Checked my hive over the weekend and saw that I had a massive loss of bees. I do have some bees left and also found the queen. Now that being said should I start seeing eggs or brood? I look at just about every frame but did not see any eggs or brood. Shouldn’t the queen have started laying already? Is there anything I could do to stimulate her to get her laying? At this rate I will loose the hive I imagine with in a month. If anyone know how to get her to start laying please let me know.

Thanks.
:doh:
 


I had this experience with 4 hives last spring. I thought they would get going/survive but never did. I should have dequeened three hives and combined the bees as best I could into one with a queen. I even put the best colony in a five frame nuc box, took it home and brought it inside during the night, but that didn't help. Kelley Co. has four frame nuc boxes that might work in this situation,.I don't know.
 

All the bees seem to be up in the super/ Should I take the hive deeps away and collaps them all into that one super and hope for the best?
 


>> The bees that have survived may be older bees that just will not be able to raise brood now. It is important to have young bees emerging in late summer to overwinter, and be in condition to raise brood in early spring.

I hope you aren't going to hold me responsible if this doesn't work,.:eek:....:lookout:!!
 

I popped the top off the other day and saw a softball size cluster still active. Do you think they will make it? I’m a first year beek and have little experience. I would hate to loose my first hive . I ordered two packages but they will not be in until May 22, by then it may be too late to save this hive. By chance they die can I use the old hive? The new bees will have a better start having the frames already drawn out.
 


Just checked were you are on the map, a bit north east from me, so yes you queen should be laying. My hives are full of brood.

I am also a first year beekeeper.

According to weather.com, the weather up your way for the next 10 days will be in the 50-70 range. If your not already feeding them, put some dry sugar in the hive -and- give them some sugar syrup, we are right in the middle of the temp ranges were the bees will be switching what they will take. So give them both that way they can take what they need. Also pollen patties. The may not lay if there is no pollen available for the bees to feed the brood.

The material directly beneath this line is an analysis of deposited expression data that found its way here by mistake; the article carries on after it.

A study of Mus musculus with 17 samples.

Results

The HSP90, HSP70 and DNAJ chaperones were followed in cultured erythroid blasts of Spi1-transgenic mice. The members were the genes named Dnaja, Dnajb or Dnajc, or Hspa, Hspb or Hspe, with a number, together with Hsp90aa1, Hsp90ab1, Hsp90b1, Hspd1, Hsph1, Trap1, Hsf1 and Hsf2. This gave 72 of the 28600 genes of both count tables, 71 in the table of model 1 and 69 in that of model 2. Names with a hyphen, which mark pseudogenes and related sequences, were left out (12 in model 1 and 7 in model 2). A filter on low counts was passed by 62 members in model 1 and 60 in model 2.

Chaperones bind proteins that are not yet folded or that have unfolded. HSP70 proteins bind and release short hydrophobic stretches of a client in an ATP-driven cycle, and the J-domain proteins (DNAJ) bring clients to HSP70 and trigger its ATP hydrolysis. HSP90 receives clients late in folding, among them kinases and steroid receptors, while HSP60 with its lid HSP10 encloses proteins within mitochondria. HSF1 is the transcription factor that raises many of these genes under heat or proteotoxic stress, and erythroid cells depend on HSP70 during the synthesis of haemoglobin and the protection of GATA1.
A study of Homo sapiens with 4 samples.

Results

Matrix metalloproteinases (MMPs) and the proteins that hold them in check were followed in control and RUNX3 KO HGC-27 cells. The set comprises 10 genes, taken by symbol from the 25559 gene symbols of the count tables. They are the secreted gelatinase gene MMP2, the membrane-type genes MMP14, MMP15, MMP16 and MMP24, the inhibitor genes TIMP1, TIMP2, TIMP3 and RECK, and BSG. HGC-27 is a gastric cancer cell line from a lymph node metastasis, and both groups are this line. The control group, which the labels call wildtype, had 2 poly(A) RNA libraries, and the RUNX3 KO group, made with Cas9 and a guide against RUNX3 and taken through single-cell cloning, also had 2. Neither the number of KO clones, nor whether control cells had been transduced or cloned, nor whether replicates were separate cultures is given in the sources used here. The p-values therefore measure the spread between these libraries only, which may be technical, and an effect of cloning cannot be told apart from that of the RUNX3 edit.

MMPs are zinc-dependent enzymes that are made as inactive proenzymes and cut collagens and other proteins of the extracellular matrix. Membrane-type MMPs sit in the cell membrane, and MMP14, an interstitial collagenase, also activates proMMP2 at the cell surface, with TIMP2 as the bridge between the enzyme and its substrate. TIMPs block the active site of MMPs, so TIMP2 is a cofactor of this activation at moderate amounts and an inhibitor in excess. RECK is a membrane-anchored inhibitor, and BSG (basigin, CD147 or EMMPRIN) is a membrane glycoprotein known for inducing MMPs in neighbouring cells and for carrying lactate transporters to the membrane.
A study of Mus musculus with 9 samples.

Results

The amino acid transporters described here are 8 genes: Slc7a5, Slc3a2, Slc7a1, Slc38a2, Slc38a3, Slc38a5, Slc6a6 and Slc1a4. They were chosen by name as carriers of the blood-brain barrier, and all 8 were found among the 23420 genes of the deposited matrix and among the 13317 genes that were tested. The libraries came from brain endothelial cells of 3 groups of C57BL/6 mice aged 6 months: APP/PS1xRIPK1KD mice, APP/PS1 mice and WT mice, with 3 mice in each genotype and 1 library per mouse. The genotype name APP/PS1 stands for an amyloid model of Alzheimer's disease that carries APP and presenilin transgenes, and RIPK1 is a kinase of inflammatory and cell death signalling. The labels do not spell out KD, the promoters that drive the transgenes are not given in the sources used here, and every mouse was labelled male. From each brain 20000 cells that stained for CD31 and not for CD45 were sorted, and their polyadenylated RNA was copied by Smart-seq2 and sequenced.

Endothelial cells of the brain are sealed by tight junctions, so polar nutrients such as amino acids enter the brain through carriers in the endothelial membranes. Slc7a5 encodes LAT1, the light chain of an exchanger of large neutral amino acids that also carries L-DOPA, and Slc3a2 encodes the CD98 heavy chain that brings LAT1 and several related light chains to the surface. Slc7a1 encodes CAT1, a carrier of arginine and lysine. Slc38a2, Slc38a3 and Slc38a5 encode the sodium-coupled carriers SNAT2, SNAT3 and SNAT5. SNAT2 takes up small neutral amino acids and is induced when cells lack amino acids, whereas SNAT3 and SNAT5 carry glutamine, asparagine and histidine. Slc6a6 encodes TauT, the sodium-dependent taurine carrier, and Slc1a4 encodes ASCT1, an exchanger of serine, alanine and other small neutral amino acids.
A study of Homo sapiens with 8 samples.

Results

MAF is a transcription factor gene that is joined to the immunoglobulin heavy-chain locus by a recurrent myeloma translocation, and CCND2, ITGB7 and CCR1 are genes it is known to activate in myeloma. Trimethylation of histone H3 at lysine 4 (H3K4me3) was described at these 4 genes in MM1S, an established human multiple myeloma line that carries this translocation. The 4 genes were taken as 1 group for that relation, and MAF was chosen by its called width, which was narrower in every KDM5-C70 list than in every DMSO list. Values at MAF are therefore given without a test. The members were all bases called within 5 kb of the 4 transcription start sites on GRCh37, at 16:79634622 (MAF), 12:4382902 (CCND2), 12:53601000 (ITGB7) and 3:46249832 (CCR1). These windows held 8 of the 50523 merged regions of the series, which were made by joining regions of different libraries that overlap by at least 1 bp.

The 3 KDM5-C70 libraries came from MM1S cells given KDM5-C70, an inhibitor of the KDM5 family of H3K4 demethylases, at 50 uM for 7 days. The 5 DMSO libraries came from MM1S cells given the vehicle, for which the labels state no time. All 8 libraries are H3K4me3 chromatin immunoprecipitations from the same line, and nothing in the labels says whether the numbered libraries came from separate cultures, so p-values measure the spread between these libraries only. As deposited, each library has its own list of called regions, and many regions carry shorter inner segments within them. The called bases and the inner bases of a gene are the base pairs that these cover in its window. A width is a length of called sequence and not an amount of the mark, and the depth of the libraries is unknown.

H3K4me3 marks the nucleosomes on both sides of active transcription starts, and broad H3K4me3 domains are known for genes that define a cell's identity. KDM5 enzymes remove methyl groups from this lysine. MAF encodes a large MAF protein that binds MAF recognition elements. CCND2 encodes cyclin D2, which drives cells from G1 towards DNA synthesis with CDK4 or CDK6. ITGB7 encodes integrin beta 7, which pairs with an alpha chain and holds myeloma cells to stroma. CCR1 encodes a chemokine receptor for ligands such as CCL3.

I just mixed up a batch of patties this weekend, soy flower from the local health food store, and brewers yeast from GNC, will be interesting to see if the bees take it or not.

Good luck

Bill
 


I too had a massive die off, but a small cluster remained with the queen. Now, two weeks later, they're going gang-busters. Still not as large as the rest of my colonies, but they're going to make it.
Regards,
Steven
 

I did mix up some sugar syrup for them, but they also have plenty of honey stored up. I have this Friday off and it should be in the 70s. This will give me a chance to have a closer look to see if she started laying yet. But yes I am feeding. I placed a jar feeder out for them. One of those chick type feeders that screw onto a mason jar. I put some rocks in it so the bees have a landing spot so they won't drown.
 


I took 3 frames of capped brood and bees and added to the weak hive. Suddenly she is a good layer again and the hive is catching up with the others. I think that with the temperatures and the small amount of bees that they just couldn't raise enough new bees to offset those dying of old age.

It is a gamble that you are not just wasting resources on a losing battle. I had hives that were well on their way to swarming so taking brood from them was needed anyway.